Flock Swaps

by - January 24, 2018

I was warned that this chicken thing can get really addictive. 


The eggs are great. Planning and building the coop was fun. Problem solving is challenging.

What is addictive is walking across the yard and realizing two chickens are following at my heels, I stop, they stop and scratch around in the dirt. I walk, they walk. I stop and turn around, they scratch at the dirt. I have a fan club now thanks to a treat called Crackleberry Nugget Treats. What is also addictive is hearing the panicked peeping of the newest addition at dusk, then hearing the panic change to happy chirps as I place her in her snugly corner with the Silkies as she settles down for bed. 

I should start off this story by sharing that Joe does not like Silkies. When we were picking out pullets for our first flock, we had selected four lovely birds, and then I just had to have a Silkie too. My youngest son agreed, and Luna quickly became his favorite. We don't know if Luna lays or not, but there have been a few strange eggs during the past few months that we usually blame on Luna. We have never actually seen her in the nest box. We've actually never seen her anywhere except on the ground. She will climb the ramp/ladder into the coop, but she stays on the floor of the coop.



Well Luna is one of a kind in our flock and is often left by herself. As the seasons changed, I grew very concerned that Luna slept in the corner of the coop all alone. I read sweet descriptions of how Silkies sleep in a pile and felt so guilty that Luna didn't have a pile. In December we went to the flock swap to buy one more Silkie, which was Vader. However, it is highly recommended to add two chickens at the same time to an existing flock. It is also recommended to add the same size and preferably the same age as the existing flock. Smaller, younger birds make easy targets. So we got Betty White for Vader. Then, Vader died. Joe buried her in an undisclosed location not in our yard, so I wouldn't accidentally dig up chicken bones later when I was moving shrubs around the yard, as I am prone to do. After it seemed Betty White was going to pull through, I contacted our chicken guy who offered to replace Vader at the next flock swap which wasn't for another two weeks. During that time, I continued to bring Betty outside when the weather was good, then I'd get worried and bring her back inside at night.

I initially really wanted another Silkie for Betty White, but leading up to the January swap, Betty and Luna had been spending the week in what I'll now call the "nursery" rather than the "quarantine". I had nursed Betty White back to health, and once the snow began to melt, I partitioned off part of the run for the Silkies to spend some time protected from the rest of the flock so they could relax and hopefully bond. I finally quit force-feeding Betty as she proved she was going to eat on her own. Luna who usually followed the flock out into the yard seemed content to remain in the run and have no competition for the scratch grains and sunny spots. The day before we were to pick up another chick, I realized Betty White might not need another Silkie her age. I even considered not getting another chick at all.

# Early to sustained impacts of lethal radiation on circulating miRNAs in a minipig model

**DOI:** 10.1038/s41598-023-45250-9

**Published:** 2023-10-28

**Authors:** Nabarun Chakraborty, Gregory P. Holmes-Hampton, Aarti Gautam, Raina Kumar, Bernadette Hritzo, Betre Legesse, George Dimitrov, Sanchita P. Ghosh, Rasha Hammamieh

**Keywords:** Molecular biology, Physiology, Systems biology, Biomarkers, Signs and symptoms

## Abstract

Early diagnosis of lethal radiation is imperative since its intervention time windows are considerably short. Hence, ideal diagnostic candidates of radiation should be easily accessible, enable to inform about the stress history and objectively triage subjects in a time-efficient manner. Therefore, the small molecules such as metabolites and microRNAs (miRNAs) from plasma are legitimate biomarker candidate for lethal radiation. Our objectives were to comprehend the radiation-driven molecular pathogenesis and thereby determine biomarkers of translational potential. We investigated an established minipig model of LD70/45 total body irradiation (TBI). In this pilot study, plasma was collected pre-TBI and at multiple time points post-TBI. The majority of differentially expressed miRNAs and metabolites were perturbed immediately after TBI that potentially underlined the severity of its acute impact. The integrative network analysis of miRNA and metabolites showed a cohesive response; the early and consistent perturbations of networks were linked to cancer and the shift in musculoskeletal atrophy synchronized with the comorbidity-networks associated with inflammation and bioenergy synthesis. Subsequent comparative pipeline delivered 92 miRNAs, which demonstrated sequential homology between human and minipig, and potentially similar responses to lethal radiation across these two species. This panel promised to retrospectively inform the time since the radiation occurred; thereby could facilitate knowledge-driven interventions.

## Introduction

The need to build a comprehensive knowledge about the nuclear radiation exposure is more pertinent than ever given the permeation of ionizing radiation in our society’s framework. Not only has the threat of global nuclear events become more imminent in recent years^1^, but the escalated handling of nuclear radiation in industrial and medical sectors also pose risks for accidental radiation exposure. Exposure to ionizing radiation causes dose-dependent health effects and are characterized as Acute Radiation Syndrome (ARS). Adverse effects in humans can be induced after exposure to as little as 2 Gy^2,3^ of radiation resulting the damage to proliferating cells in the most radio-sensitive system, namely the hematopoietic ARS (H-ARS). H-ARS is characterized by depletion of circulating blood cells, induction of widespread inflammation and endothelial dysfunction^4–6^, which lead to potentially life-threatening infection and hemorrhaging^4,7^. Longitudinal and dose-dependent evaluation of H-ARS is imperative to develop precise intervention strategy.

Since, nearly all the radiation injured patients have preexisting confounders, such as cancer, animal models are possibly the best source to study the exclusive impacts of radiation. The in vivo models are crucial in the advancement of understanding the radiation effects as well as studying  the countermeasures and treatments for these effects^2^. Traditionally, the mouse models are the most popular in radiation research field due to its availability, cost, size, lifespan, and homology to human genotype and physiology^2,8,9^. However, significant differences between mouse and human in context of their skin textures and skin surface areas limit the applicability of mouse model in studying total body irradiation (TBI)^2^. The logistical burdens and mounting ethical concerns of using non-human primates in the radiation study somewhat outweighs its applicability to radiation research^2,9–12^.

The next flock swap approached, and the night before, Joe was insistent on not getting another Silkie. Joe had not yet gotten to pick out a single flock member let alone name one, and we browsed the pics from previous flock swaps and read about interesting breeds. Just before 9 am the next morning, we loaded up the car with a diapered Betty White in her bin. The chicken guy  greeted us and showed us possible replacements. He pulled out a Black Copper Marans who already had a nice copper ring coming in, and we all shrugged our shoulders and said, "Sure." There was a lot of debate on the way home about what her name should be. Joe chose "Penny".



Penny may be the smallest member of the flock now, but she may grow into the largest, which is great because the Tweedles and Ruby are total butts. Even fuzzy-headed Luna couldn't resist getting in a few pecks on that first day. But Penny is a total sweetie and has taken right to the Silkies. They spend the days in the nursery protected from the rest of the flock, and Betty White seems to enjoy her new role as the middle child. When she's not eating, Betty stands around really tall. I'm still worried with that amazing posture she might be a he, but so far there has been no crowing, no streamers, and no long wattles.


Penny gets really worried around bedtime if she isn't tucked up with the Luna and Betty in the coop. Eventually she will want to roost, but for now she's part of a pile. That pile is under the roost bar, so in effort that they not become a pile of poo and the littles have some protection from the bigs when they march up the ramp soon after for bed, I've propped up some spare boards. Luna squeezes in between the wall studs, Betty sits on a small log facing the door, and Penny gets put between them.